Biofungicide effective against seed-borne diseases


Cerall seed treatment from Koppert is based on the beneficial bacterium Pseudomonas chlororaphis strain MA 342, which controls seed-borne diseases including Fusarium, common bunt (Tilletia caries) and Septoria nodorum.

Works in a number ways

The bacterium in Cerall works in a number of ways. Firstly, it produces substances which are instantly lethal to the fungi which cause crop diseases. Secondly, when present on the roots of the crop, the bacterium competes with these plant pathogenic fungi for space and nutrients, inhibiting their development and resulting in stronger plant roots. Finally, the bacterium actually induces resistance within the plant, so that it is pre-armed to fight disease infection naturally, promoting healthy growth particularly under stressful conditions.

“Seed treatments and good seed hygiene are obviously well-established elements of an integrated crop protection strategy, but Cerall goes beyond this in actually promoting resistance in the plant,” comments Dr Richard Binks, Koppert Crop Protection Consultant.

NIAB trials

In trials conducted by NIAB, Cerall was as effective at controlling seed-borne bunt as the chemical control, and other trials across Europe have demonstrated its effectiveness against diseases including Fusarium and T. caries. As a result, some 55,000 ha of cereals are treated with Cerall across the EU each year.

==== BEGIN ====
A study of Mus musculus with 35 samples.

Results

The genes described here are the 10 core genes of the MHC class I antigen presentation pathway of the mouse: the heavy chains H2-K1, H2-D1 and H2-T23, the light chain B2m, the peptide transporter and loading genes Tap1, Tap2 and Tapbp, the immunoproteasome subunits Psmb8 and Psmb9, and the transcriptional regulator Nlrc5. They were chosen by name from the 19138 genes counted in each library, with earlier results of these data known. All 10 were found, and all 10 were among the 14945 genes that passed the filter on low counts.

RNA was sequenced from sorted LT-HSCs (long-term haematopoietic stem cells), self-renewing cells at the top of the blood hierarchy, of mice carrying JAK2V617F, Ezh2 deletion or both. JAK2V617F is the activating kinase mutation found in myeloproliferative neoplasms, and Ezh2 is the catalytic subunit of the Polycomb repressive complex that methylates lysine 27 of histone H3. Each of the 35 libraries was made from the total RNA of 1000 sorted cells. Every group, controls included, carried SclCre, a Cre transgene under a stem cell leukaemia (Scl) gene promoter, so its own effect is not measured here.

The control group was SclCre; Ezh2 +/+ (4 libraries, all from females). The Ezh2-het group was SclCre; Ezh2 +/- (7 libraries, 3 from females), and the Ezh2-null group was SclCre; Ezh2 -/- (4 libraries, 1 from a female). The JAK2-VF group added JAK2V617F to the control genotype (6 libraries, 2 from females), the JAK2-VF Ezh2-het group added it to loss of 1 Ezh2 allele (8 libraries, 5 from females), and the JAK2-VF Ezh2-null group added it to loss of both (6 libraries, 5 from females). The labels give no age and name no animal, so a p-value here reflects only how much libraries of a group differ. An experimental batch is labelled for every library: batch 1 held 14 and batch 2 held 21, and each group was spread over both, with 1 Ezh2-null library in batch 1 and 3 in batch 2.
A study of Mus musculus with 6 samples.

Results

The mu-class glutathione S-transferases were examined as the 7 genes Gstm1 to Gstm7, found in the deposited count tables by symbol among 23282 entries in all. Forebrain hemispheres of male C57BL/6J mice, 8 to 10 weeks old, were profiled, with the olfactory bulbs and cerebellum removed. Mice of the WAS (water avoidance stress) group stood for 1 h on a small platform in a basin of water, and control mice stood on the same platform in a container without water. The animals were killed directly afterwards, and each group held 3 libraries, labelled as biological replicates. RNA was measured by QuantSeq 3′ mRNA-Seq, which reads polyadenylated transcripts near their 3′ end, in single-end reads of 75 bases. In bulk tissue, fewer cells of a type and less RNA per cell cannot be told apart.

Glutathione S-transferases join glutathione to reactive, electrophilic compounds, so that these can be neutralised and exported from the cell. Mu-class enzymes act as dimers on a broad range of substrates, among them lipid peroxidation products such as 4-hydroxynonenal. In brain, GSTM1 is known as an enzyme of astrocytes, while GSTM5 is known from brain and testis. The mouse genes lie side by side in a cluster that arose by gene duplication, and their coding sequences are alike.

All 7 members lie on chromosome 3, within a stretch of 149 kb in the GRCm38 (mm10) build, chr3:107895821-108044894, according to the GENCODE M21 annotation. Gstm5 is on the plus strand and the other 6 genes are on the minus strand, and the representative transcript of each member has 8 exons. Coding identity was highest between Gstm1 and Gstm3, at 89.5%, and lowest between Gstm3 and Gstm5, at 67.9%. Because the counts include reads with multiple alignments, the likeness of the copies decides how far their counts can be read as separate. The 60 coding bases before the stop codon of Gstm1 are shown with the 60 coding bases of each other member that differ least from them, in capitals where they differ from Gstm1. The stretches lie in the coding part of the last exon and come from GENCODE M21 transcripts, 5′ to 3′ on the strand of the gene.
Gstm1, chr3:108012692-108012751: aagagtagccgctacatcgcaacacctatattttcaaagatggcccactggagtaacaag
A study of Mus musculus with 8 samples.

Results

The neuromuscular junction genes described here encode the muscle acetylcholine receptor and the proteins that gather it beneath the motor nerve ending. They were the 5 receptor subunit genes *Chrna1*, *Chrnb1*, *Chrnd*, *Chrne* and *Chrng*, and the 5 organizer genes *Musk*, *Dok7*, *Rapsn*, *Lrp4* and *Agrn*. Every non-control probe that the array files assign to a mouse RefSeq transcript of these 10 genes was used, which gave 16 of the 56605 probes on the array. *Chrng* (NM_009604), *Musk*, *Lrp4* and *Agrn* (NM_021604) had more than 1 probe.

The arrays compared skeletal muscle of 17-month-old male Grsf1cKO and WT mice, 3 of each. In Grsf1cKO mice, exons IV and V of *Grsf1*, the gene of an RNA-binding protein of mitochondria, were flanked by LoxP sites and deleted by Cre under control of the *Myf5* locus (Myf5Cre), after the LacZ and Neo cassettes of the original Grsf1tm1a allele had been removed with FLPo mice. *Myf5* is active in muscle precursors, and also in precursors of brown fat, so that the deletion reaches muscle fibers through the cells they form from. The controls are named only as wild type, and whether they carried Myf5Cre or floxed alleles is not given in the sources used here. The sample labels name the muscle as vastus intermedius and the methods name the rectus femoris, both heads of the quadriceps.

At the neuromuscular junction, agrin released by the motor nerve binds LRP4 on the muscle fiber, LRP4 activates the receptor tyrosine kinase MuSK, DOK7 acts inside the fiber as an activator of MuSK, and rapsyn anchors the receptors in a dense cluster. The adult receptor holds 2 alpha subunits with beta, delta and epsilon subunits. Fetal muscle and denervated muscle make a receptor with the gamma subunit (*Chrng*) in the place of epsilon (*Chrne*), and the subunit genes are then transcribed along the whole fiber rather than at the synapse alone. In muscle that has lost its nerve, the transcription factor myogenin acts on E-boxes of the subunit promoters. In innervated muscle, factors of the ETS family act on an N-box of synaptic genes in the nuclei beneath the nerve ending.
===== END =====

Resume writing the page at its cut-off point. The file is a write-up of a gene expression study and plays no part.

“Another advantage of Cerall is that, as it consists of natural components, it is suitable for use in both conventional and organic crops, and has been verified for use in organic production by both the Soil Association and Organic Farmers & Growers,” adds Richard. “As a natural product, resistance is highly unlikely to develop and it provides long-term disease protection with no Maximum Residue Limit (MRL).”

Cerall is applied as a liquid seed treatment, and so growers are urged to contact their seed supplier in plenty of time to arrange treatment of their seed prior to drilling.


Editor of Agronomist and Arable Farmer as well as responsibility for the Agronomist and Arable Farmer and Farm Business websites. After 17 years milking cows on the family farm John started writing about agriculture in 1998 and has since written for a variety of publications and has developed a wide circle of contacts within the industry. When not working John is an avid follower of Stoke City.